Slow-cooked pork belly with sea-purslane and wild fennel


Sea Kale

Sea Kale

The key foraged ingredients are sea-purslane, which can be found by the ton on just about any salt marsh or river estuary in the country, and wild fennel, which is a bit harder to track down but can be locally quite abundant, especially in coastal areas. I accompanied it with some sea kale which just happened to be in area I was foraging.



Main Ingredients (for 4 people):

Pork belly joint 1.5 to 2kg.
Several generous handfuls of fresh, tender, new-growth sea-purslane.
The top two-thirds of 6 or 7 wild fennel plants.



1) Wash the sea-purslane. Take half of it and spread it at the base of a casserole dish.

2) Separate the fluffy top leaves of the fennel and the smaller bits of stem from the thicker bits at the base. You don’t want any really tough bits of stem – nothing much wider than the diameter of a pencil. Reserve the stems for later. Put the fluffy leaves and the smaller stems in a layer on top of the sea-purslane.

3) The belly joint will usually come rolled in string, which makes the first part of the process easier: use a sharp knife to cut the joint into 4 strips. Remove the string, unroll the strips and place them on top of the fennel, skin side up.

Wild fennel

Wild fennel

4) Put the casserole dish (lid on) in an oven and cook for three hours at 165° (or fan 150°).

5) Pick the leaves off the stems of the other half of the sea-purslane. Keep for later.

6) Just before the three hours are up, start steaming the fennel stems, and put the potatoes on if you want to serve with mash. Add the sea kale a little bit later if you’re serving that too.

7) Take the belly strips out of the casserole dish, put in another dish and return to the oven to keep warm (turn the oven down low).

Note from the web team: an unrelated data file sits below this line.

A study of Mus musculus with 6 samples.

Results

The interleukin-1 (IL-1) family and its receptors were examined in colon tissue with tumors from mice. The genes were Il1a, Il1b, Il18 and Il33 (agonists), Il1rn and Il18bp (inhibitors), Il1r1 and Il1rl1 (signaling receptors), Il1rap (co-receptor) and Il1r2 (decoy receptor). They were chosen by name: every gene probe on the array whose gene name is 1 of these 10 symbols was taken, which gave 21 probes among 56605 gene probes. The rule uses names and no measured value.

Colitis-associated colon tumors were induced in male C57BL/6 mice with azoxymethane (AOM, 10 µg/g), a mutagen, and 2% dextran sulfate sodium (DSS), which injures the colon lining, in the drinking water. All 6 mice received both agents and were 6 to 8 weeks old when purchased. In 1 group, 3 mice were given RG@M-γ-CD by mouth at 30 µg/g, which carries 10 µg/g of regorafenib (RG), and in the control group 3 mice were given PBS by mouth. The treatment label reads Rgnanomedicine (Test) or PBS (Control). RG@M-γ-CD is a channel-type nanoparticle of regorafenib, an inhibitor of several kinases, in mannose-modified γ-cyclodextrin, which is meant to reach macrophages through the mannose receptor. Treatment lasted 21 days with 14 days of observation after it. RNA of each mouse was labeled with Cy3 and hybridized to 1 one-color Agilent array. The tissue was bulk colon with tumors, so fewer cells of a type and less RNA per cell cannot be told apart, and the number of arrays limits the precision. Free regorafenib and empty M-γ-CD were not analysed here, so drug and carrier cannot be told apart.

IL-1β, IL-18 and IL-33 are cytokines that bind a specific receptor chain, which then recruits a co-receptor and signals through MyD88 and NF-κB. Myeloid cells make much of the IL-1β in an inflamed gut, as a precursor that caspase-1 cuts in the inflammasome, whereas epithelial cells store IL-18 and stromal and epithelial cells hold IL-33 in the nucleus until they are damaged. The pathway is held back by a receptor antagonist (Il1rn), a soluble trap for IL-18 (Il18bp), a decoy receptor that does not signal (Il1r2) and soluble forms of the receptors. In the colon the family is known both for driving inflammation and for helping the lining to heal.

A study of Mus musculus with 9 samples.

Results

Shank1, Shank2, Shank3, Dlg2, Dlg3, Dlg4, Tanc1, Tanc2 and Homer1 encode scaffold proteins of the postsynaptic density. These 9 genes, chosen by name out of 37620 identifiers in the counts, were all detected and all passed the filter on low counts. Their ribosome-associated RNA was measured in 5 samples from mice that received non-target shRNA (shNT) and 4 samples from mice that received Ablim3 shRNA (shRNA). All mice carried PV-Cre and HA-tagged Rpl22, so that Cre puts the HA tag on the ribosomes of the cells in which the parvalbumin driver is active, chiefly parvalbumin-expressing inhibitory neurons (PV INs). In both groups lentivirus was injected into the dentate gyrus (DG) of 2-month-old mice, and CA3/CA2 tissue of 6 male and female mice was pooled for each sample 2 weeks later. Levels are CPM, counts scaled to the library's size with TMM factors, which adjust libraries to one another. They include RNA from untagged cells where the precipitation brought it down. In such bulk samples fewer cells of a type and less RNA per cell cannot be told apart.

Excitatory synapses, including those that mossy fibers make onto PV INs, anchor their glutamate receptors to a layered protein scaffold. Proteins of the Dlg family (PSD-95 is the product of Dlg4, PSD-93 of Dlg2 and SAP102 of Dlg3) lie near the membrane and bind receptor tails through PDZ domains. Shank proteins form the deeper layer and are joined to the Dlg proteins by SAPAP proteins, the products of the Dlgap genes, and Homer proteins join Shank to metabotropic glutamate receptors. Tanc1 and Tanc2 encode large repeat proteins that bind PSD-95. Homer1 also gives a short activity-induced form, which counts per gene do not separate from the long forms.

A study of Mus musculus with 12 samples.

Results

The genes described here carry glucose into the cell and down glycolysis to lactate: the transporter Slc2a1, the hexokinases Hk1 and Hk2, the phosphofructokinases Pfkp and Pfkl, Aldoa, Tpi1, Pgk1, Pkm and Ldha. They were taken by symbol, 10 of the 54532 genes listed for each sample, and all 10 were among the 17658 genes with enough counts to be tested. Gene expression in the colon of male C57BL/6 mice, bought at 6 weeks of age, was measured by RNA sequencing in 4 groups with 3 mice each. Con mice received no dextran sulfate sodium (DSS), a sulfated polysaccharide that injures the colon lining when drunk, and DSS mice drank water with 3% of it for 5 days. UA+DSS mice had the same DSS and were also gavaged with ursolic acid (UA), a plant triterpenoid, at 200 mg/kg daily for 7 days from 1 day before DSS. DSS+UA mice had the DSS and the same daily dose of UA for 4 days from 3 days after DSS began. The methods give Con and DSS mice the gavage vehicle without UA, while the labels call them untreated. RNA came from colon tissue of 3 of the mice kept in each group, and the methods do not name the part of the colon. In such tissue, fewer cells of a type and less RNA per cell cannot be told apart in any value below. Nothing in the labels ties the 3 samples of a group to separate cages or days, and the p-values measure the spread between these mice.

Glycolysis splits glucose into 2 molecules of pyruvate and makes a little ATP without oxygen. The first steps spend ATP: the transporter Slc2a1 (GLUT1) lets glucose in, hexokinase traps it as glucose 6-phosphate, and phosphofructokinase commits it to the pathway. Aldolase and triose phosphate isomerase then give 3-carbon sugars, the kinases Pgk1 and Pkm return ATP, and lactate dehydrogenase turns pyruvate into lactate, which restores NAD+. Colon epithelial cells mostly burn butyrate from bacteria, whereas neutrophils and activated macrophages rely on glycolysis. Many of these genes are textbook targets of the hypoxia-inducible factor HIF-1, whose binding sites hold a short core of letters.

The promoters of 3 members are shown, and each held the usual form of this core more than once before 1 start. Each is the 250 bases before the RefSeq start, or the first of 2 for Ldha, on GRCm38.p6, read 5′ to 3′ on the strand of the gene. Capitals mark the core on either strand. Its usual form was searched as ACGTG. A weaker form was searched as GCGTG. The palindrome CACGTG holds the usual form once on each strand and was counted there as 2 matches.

8) Take the layer of fennel out of the casserole dish (doesn’t matter if some bits escape). If you can get any juices out of the fennel, then add them back into the dish.

9) The dish will now contain the meat juices, including plenty of oil, and some very well-cooked sea-purslane. Use the back of a wooden spoon to mash the sea-purslane into a pulp, in the oils and juices from the meat, to make a sauce (you may want to remove some of the oil first, if there’s too much). Put the sauce in a jug and put the jug in the oven to keep warm.

Slow-cooked pork belly with sea-purslane and wild fennel, with sea kale and mashed potato and mushrooms.

Slow-cooked pork belly with sea-purslane and wild fennel, served with sea kale, mashed potato and mushrooms.

10) Heat some butter and olive oil, and plenty of freshly ground sea or rock salt, in a frying pan and then fry the belly strips, skin-side down. This is purely to make the skin go crackling-like and should take about 4 minutes.

11) Meanwhile, in another pan, sauté the second half of the sea-purslane for a couple of minutes in butter and/or olive oil. I also fried some mushrooms to go with the dish.

12) To serve, place the belly strips with their crackling side sideways, and drizzle the sea-purslane sauce over the top. Serve with the sautéed sea-purslane, mashed potato, steamed wild fennel stems (with plenty of butter) and optional sea kale (with plenty of lemon juice).

Sorry about the poor quality photo – I was in a bit of a rush to try my new creation!